BWW Reviews: Lucas Tackles Addiction in ODE TO JOY
It's all fun and games until your bar pick-up throws up in your mouth.
And perhaps the slyest part of Craig Lucas' new play of alcohol addiction, Ode To Joy, is that it comes off as a cute romantic comedy of loveably quirky intellectual elitists for the bulk of act one before the second half allows the troubling nature of the subject to rise to the surface.
But by then audience members may have been so captivated by the amusing antics of the initial hour that, like delusional enablers, they willingly endure the ambitious, but underwhelming second one in hopes that it will suddenly be cured of its fuzzy dramatics and return to being enjoyably clever.
After a brief moment that establishes the play as memories from years ago, Andrew Boyce's versatile set begins as a bar that suggests a kind of shrine to alcohol, where niche artist Adele is asking for a double vodka on the rocks and for the somber music being played to be replaced with something more joyful.
Adele is a painter whose work is considered worthy of major newsprint coverage but is nevertheless struggling financially. As played by Kathryn Erbe, her appearance and voice are soft and girlish, but her work (never seen) apparently contains disturbing and violent depictions.
She meets Bill (Arliss Howard), a nebbishy cardiac surgeon who says he's grieving over the loss of his pregnant wife, and they bond over several cocktails and discussions of Kierkegaard, God and the true meaning of irony before deciding what breed of dog they're going to adopt together.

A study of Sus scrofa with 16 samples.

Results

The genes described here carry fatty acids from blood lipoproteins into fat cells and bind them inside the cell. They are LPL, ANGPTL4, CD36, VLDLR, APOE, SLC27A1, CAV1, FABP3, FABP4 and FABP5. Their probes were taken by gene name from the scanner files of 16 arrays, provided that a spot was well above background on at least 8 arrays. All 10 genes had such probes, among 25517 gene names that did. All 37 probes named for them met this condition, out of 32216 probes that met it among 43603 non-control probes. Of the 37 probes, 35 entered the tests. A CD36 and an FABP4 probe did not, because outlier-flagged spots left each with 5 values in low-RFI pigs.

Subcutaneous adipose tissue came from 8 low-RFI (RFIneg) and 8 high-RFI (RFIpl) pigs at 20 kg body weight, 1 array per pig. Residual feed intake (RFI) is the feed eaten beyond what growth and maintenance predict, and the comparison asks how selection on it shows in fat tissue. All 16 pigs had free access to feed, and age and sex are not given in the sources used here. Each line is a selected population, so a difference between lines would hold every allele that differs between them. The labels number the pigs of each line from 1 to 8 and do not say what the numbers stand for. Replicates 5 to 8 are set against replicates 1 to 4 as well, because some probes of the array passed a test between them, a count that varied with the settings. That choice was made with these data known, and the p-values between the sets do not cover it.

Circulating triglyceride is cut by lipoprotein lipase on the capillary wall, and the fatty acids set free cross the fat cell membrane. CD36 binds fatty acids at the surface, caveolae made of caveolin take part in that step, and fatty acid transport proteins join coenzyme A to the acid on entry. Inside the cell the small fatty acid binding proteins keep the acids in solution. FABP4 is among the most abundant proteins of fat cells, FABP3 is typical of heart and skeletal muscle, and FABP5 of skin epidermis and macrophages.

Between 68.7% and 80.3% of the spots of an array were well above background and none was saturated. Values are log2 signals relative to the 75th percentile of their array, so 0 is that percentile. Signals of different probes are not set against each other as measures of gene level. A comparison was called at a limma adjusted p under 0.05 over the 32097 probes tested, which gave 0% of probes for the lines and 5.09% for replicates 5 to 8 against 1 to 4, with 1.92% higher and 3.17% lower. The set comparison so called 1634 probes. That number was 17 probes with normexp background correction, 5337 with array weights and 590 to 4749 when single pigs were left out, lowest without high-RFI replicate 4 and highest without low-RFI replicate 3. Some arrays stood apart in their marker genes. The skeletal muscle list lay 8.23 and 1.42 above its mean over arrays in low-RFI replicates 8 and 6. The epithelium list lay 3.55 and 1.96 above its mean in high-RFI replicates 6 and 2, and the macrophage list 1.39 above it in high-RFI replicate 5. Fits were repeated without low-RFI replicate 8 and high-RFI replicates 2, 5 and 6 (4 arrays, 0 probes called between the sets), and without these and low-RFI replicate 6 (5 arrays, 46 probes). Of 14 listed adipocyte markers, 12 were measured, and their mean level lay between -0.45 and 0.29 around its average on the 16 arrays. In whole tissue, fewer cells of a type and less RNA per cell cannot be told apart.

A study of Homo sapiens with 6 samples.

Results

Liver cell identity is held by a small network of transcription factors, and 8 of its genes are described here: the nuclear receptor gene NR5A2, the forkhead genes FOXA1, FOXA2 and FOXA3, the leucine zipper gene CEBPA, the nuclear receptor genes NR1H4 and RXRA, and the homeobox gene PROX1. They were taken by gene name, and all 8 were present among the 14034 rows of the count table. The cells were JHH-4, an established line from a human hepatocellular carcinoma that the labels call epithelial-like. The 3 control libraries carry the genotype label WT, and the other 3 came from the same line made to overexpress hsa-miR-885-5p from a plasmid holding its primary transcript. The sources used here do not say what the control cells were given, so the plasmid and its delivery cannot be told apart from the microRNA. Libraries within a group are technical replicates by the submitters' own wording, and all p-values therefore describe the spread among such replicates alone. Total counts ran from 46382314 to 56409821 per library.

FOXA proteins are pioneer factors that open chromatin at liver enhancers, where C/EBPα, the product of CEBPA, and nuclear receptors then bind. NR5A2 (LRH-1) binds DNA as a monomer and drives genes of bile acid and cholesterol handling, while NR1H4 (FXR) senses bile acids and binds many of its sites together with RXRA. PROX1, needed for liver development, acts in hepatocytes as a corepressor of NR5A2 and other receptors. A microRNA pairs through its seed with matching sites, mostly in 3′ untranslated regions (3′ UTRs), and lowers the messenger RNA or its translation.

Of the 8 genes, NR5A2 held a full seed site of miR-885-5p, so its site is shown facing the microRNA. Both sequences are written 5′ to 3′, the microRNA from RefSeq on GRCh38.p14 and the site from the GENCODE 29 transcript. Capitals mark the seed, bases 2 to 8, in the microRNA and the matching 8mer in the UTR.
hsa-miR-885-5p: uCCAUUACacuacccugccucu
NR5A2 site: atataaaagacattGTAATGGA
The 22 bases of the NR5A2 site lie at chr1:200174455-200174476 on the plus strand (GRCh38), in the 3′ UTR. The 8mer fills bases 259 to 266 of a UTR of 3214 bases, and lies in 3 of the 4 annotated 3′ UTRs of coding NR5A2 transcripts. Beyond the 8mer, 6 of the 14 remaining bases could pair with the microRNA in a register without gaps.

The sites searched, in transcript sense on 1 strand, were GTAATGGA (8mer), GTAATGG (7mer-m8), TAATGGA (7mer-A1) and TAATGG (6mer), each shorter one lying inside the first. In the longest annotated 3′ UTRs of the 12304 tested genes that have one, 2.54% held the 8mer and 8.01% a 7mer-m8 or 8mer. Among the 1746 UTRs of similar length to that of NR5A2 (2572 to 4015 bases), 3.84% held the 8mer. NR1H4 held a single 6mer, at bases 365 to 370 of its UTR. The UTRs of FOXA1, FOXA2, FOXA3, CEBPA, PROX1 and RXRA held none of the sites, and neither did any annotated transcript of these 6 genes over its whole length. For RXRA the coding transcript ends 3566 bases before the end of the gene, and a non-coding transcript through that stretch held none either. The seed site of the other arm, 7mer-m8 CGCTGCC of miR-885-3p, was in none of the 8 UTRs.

Meanwhile, we also see flashbacks of the beginning of Adele's relationship with Mala (crisp and mature Roxanna Hope), a pharmaceutical executive who visits her studio to consider buying a painting. Though Mala is turned off by Adele's subject matter ("Do you have something...without...uh, dread?"), she's turned on by the artist's passionate defense of her work and invites her out on a date.
Over dinner, Adele finds out first-hand that Mala is prone to blacking out on occasion due to heart issues. But she snaps out quickly and shrugs it off as nothing to be concerned about.
Lucas, who also directs, keeps these expositional points light-hearted and quite funny, but once he begins showing how Adele's alcoholism consistently destroys her relationships, the play begins to stumble and drag considerably. Mala and Bill talk of events where they say she acted selfishly, but we never see them. In an angry moment, Bill describes her behavior in a way that is never evident.
Perhaps it's because Adele is the storyteller that we never see an uglier side of her, giving little weight to the intended dramatic moments. Despite a strong ensemble working well together, Ode To Joy turns out to be little more than good for a laugh.